SIGHTSEEING

There are many other things to see and do on the Big Island, but the following four are at the top of our personal list. If your budget allows, the helicopter tours of the Island are a spectacular experience and the best way to get a full grasp of the diversity and magnificence of the geography. We recommend Blue Island Helicopter Tours for convenience and professionalism.

Here you will get a hint of what Hawaii looked like when the ancient Hawaii culture was at its height. The City of Refuge is a couple of miles south of Kealakekua Bay. There is a one lane shore road that leads between them and if you do one, you should do the other. There is a secret ocean front picnic area just beyond (to the south) of the City of Refuge. You can reach it by driving to the back left hand corner of the City of Refuge parking lot and taking the rough two track road that leads south. This picnic area has tables and charcoal grills and is known only to the locals. It's a perfect place for a sunset picnic.

At 13,550 feet, you are literally on top of the world. You need to plan for this trip in advance because it requires cold weather clothing. Bring your winter sweaters and ski parkers and definitely wear long pants. If you take one of the commercial tours they will provide you with parkas. Mauna Kea is snow capped year 'round.

Maine lobsters in Hawaii? There are several very innovative commercial enterprises at this site.

If you only do one excursion on your visit to the Big Island, this is not to be missed. 10 years from now, this is the one indelible experience that you will remember. The park is approximately 100 miles from Kona Onenalo in either direction around the island. This trip can be done in one day, but we recommend that you take two days and circumnavigate the Island. Make lodging and dinner reservations at the Kilauea Lodge and Restaurant, Volcano, (808)967 7366, and plan to take two full days.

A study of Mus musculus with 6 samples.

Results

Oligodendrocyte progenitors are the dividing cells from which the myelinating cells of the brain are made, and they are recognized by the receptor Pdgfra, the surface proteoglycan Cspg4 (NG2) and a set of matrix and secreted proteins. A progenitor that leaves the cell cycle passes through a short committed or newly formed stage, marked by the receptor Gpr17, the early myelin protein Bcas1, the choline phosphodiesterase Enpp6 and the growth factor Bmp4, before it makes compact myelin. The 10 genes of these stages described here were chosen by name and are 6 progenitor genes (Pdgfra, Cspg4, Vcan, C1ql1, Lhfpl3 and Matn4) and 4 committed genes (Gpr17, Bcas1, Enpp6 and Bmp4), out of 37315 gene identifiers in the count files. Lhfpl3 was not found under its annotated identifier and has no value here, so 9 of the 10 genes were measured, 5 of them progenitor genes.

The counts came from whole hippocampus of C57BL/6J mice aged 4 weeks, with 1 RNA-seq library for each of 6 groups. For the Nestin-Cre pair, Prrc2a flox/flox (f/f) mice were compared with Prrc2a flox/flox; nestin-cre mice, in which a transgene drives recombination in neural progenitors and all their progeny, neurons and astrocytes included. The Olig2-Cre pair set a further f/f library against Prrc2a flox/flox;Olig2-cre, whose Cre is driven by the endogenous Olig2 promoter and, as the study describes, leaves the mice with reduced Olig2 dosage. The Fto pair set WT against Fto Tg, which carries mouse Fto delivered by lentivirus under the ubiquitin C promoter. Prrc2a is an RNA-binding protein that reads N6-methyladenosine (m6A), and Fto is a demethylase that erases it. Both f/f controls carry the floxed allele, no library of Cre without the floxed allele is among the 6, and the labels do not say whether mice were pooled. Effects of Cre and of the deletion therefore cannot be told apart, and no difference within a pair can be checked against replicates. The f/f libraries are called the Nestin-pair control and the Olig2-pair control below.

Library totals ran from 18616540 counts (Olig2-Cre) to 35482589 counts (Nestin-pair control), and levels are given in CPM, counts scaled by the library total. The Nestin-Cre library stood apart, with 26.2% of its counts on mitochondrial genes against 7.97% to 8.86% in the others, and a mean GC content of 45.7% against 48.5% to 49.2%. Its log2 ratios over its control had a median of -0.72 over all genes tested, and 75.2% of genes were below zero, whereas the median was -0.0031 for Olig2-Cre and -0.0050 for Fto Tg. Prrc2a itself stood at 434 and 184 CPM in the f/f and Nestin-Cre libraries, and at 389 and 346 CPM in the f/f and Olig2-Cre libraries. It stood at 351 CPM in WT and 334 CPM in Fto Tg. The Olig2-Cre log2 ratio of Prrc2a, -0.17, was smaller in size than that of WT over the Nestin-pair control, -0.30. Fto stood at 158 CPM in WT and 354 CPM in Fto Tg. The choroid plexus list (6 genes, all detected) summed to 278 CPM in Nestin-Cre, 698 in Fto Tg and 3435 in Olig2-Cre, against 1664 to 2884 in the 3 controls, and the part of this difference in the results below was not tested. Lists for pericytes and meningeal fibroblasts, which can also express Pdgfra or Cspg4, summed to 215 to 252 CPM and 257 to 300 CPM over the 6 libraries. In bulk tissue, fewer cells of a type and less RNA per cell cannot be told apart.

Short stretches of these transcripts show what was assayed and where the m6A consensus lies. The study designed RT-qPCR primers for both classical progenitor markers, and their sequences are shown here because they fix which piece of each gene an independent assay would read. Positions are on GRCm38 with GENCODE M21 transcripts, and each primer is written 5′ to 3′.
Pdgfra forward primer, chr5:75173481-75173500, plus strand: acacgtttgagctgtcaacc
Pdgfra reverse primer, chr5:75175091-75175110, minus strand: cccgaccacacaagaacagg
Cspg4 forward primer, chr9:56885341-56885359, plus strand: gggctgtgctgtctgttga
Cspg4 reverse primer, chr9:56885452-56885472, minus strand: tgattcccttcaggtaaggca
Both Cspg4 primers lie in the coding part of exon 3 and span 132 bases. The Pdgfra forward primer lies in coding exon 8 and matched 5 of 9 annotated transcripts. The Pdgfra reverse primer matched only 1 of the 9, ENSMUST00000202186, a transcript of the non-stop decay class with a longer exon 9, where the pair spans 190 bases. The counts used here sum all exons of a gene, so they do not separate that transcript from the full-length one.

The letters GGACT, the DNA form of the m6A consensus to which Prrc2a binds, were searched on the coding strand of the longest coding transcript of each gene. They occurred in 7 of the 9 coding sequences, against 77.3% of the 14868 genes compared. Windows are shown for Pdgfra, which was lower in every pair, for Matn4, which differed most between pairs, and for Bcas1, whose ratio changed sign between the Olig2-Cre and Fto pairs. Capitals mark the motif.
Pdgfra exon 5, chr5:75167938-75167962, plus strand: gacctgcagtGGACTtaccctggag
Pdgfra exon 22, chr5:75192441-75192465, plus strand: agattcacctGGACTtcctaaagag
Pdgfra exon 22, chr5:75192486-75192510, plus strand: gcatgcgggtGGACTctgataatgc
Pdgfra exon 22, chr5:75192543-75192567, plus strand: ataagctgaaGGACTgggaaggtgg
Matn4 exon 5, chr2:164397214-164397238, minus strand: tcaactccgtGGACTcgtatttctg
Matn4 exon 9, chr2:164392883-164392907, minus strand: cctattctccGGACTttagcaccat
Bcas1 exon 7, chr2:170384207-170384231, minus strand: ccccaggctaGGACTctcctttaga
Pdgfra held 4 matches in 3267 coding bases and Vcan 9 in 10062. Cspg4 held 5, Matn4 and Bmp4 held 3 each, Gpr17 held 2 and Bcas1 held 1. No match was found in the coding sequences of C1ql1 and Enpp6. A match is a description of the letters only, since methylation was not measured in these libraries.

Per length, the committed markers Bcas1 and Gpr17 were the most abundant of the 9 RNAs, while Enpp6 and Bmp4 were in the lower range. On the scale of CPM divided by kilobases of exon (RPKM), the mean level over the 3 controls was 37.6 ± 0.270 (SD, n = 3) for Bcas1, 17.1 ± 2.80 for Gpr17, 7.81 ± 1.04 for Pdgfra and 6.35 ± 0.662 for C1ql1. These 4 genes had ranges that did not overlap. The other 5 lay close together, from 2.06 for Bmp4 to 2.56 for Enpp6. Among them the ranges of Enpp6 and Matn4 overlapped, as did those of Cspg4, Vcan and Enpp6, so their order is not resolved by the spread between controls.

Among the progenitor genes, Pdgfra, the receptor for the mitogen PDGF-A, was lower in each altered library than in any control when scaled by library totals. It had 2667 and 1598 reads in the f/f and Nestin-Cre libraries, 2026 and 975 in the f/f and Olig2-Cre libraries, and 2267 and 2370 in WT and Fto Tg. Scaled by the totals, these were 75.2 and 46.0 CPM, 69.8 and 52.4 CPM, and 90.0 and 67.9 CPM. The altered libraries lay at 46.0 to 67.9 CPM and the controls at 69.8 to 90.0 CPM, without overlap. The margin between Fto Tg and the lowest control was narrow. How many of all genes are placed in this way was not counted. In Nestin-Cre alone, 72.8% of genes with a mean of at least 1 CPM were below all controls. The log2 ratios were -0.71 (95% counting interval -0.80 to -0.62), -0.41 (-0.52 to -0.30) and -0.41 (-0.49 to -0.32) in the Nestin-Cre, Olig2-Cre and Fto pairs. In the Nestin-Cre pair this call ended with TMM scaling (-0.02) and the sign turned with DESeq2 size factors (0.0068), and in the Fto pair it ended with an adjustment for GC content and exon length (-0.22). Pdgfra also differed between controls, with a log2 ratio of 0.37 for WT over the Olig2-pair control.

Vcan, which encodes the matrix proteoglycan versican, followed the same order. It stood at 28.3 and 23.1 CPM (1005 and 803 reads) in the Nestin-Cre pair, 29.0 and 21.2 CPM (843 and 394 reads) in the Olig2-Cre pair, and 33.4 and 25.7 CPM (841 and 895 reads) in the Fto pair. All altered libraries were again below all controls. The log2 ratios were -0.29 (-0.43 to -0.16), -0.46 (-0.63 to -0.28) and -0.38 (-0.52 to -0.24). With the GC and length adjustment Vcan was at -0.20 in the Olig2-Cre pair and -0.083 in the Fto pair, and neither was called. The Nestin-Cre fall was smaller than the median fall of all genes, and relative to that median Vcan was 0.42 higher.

The most spectacular time to see the Volcano National park is at sunset and dawn. The park is vast and there are several must do activities. First, go to the Park Visitor's Center building and watch the movie. If your timing is right you may also catch a lecture from one of the Rangers. Visit the adjacent gift shop and gallery. It is filled with arts and crafts by Big Island artists and this is the best place on the Island to buy a quality, authentic piece of native, or local art.

You can see much of the Park from your car but if you are up to a hike there are two reasonable hikes that are well worth the effort. First is the Kilauea Iki Trail, which takes you down 400 feet into an extinct crater. The second must do hike is out as far as allowed to see the lava flow into the sea. This hike is off the end of the "Chain of Craters Road", across newly formed lava fields.

In both cases, you must be dressed appropriately with sturdy footwear, preferably hiking boots or sturdy running shoes and long pants. Also plan to take water bottles and keep hydrated. Because this is an active volcano, the park or parts of the park may be closed to visitors, so it is essential that you call ahead and get a status update.